One thing that's not coming out of the rumour mill, however, is concrete news about Apple's iWatch, although in a sense it's an announcement that's long overdue. I've been skeptical of the need and utility of Google Glass, the other wearable tech everyone's been talking about, but I happen to think smart watches are actually a pretty good idea. Judging by the number of entries coming in, including at least three credible independent smart watches that have launched on Kickstarter, the idea is taking off already.

In this horse race, Apple is already fairly late to the market, although that didn't seem to matter with the iPhone or iPad.

All of the smart watches that are available or due to be released are a little different, but basic functions include doing all the usual watch stuff (telling time, alarms) and syncing with your phone to issue reminders and alerts, and notifying the wearer about incoming texts, calls and emails so you don't have to pull your smart phone all the way out of your pants pocket anymore to see if you can ignore it.

Some of the smart watches have apps and games, including apps that can control your smartphone's music player, have heart rate monitors and motion sensors built in for people on the go, GPS trackers (also for people on the go), voice control, two-way calling, and more.

Some of the interesting phones already available include the Martian Passport (martianwatches.com), which actually looks a lot like a mechanical watch with a small, one-line screen for alerts; the Bluetooth connected i'm Watch (imsmart.com), the sportcentric Motorola MOTOACTV (motorola.com), the e-paper screened Pebble watch (getpebble.com) and the Android-based Sony MN2SW (store.sony.com). A website calling itself Smartwatch News(smartwatchnews.org)/smartwatch) has over 26 smart watches listed, a dozen of them already shipping.

Prices for smart watches range from $99 to $299 for the most part.

Oddly enough, it was another Apple product that alerted people to the potential of smart watches — the last generation iPod nano with the square form factor. Half a dozen companies popped up making watch straps for the devices, while coders got to work making unique apps and software. It's a shame that Apple had to drop the hammer on a product that was just getting good, but it's a necessary step for a company that's poised to launch its own smart watch soon. Again, possibly in September.

Blackberry for sale?

This week, Canadian smart phone pioneer Blackberry announced that it may be for sale (or at least up for joint ventures of some kind) following several disappointing years and another round of layoffs. It's probably a good idea, at least from a business/investor perspective — the company got left behind in the last generation and has not been able to make up as much ground as they should have with their new Q10 and Z10 phones or the BB10 operating system.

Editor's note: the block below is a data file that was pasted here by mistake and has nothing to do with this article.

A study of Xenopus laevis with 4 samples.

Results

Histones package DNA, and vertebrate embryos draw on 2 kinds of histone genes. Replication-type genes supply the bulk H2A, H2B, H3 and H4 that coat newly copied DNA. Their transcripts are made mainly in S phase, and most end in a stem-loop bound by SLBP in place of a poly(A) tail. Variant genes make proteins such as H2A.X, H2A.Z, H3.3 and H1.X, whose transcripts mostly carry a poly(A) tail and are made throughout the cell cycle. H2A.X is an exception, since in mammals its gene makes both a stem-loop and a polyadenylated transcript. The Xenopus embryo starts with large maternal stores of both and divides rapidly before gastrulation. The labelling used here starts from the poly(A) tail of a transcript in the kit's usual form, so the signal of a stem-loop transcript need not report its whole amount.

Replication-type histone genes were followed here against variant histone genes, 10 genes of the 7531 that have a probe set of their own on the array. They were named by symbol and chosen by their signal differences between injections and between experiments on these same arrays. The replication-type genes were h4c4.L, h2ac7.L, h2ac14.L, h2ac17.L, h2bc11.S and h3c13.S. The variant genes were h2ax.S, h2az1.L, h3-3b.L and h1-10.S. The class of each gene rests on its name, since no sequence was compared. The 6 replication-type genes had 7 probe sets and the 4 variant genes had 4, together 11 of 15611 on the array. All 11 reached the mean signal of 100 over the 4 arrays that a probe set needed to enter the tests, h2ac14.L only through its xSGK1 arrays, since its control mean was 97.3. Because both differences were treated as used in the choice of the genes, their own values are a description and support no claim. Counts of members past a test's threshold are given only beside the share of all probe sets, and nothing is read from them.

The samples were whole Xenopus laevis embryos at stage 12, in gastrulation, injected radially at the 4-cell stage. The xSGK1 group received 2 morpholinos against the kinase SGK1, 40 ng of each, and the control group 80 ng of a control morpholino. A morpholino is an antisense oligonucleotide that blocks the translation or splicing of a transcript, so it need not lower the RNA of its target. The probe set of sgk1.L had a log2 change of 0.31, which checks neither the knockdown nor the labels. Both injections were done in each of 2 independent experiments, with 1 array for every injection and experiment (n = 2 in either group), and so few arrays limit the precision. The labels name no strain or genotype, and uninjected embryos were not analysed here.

The company is far more valuable than its current stock prices would indicate, based on the strength of its proprietary technology and patents. Samsung, frustrated with Android, is a potential buyer here, and there are likely dozens of others — HP and Dell, for example, which have had trouble getting into the smart phone market, or Microsoft, which could put a lot of the company's patents to work.

But it's a shame all the same. The new Blackberry phones are as good, if not better, than most of the other phones on the market, and BB10 is probably the best OS and development platform going.

As well, Blackberry is a uniquely Canadian company, a real global innovator for a nation that is sorely lacking in that department. If we lose Blackberry, we'll lose jobs, revenue, tax revenues and all the benefits that go with having a leading high-tech company in terms of developing people and fostering future high tech startups.

Canada is rich in natural resources, but even those are increasingly being cornered and developed by foreign companies that buy up the Canadian companies that hold the development rights and tenures. There are no Canadian car companies, no major Canadian electronics companies. For all the wood harvested here you'd think that someone would be starting the next IKEA here.

Now compare Canada to Sweden where IKEA comes from. Not only do they have one of the world's largest furniture makers, Ericsson telecommunications, Electrolux appliances, TetraPak, three auto manufacturers (Saab, Volvo and Koenigsegg) and more. Some of these companies are managed in a multinational way, but all of them employ people and build capacity within Sweden.

Losing Blackberry will hollow out Canada's high-tech and innovation industries, and for that reason I'm hoping the company goes with the joint venture plan rather than an outright sale.